Vaccination and accommodation are prominent among “all things.” The Minnesota Department of Human Rights requires reasonable accommodation for COVID-19 risks, which in turn requires a reasonable process to determine whether an accommodation can be reached. Muro LaMere finds that this process tends to defer to employers who seek to protect their business, but also emphasized that the accommodation decision is “really fact-dependent.”
The question becomes whether the job can be done remotely. Business is starting to want employees to come back, either on a hybrid basis or full time, Muro LaMere said, but some of her clients have a fully remote workforce. Some of those employees actually work in different states, Muro LaMere said. At a time of labor shortages, the expanded talent pool can assist employers, she said.
COVID-19 is tied to the diversity, equity and inclusion in the workplace, her second issue of the last year. The same issues that affect DEI measures also may create or exacerbate a two-tiered workforce, Muro LaMere said. Employees who come in seem more dedicated, while remote employees may be excluded from workplace training. “The problem is, it hits women, minorities and disabled employees,” she added. Muro LaMere also said studies have shown that women working remotely with children at home receive raises and promotions at a much lower rate.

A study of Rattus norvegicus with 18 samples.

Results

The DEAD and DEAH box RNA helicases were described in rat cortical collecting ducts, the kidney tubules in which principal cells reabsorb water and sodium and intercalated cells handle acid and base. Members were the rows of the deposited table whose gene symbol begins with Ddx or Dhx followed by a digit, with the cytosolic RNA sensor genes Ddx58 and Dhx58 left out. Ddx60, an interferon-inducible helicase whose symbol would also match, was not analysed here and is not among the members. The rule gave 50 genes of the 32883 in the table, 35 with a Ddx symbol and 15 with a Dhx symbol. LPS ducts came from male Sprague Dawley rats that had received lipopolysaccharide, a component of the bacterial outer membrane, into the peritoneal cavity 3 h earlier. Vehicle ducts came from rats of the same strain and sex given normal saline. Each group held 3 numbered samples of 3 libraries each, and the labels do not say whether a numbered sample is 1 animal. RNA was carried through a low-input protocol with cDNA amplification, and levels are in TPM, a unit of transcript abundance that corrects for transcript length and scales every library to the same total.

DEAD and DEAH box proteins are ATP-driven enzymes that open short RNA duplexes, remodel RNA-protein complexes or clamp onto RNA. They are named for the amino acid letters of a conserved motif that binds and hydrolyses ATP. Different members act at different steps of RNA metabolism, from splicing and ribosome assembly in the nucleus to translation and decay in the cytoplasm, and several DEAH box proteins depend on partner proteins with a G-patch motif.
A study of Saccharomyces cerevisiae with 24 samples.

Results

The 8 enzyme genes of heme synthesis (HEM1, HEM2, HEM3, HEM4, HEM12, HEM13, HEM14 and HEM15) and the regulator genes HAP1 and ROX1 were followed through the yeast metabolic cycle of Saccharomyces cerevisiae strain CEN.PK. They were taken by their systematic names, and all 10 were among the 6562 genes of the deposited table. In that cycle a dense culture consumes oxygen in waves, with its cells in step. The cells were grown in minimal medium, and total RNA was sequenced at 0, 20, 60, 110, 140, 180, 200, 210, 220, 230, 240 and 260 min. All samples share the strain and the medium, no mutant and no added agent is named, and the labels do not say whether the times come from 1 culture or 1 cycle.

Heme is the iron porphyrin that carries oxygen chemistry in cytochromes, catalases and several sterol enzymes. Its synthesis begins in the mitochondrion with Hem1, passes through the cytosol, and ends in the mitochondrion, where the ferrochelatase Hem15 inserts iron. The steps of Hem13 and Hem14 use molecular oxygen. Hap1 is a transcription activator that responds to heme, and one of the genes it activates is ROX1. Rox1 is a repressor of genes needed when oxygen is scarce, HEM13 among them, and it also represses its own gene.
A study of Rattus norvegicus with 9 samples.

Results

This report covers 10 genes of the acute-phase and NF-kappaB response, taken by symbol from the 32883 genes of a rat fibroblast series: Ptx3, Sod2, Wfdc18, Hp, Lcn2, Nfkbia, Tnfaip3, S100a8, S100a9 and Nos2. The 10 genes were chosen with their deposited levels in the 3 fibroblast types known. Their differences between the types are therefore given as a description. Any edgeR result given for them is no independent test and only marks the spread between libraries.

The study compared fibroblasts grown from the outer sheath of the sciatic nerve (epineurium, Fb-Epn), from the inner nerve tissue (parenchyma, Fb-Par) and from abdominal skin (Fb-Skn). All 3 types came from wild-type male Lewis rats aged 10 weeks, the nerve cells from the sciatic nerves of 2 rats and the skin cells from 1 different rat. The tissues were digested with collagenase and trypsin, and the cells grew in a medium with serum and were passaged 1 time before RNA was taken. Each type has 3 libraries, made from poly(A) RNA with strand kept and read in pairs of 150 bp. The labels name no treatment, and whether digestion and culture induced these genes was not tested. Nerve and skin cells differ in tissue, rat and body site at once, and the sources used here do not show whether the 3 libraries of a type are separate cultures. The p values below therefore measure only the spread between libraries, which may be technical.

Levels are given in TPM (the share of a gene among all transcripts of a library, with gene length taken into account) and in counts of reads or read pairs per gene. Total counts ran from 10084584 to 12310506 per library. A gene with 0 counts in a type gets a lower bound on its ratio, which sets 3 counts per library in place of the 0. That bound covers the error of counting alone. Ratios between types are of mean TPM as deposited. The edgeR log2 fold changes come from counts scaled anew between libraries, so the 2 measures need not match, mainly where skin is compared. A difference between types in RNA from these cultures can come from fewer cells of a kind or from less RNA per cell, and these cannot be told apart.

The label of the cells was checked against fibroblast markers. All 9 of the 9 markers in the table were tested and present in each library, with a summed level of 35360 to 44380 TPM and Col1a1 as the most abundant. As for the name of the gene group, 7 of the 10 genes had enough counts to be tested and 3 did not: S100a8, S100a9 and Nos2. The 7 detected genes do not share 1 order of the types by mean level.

Furthermore, diverse employees are more likely to resist coming in. For one thing, microaggressions are exhausting, and they particularly hit LGBTQ employees and those of color, Muro LaMere said. Also, workplace accessibility has always been a barrier to inclusion for disabled workers. “Often employers don’t even know what kind of accommodations can be made.”
The practice of employment law has evolved to increased partnering with the client organization, and DEI is part of that, she said.
The third issue is the changes in the fields of restrictive covenants and noncompete agreements, Muro LaMere said. There’s a trend toward nonenforcement in courts, and increasing involvement at the federal level, including the Department of Justice becoming involved and arguing that covenants are a restraint of trade under the Sherman Act, she said.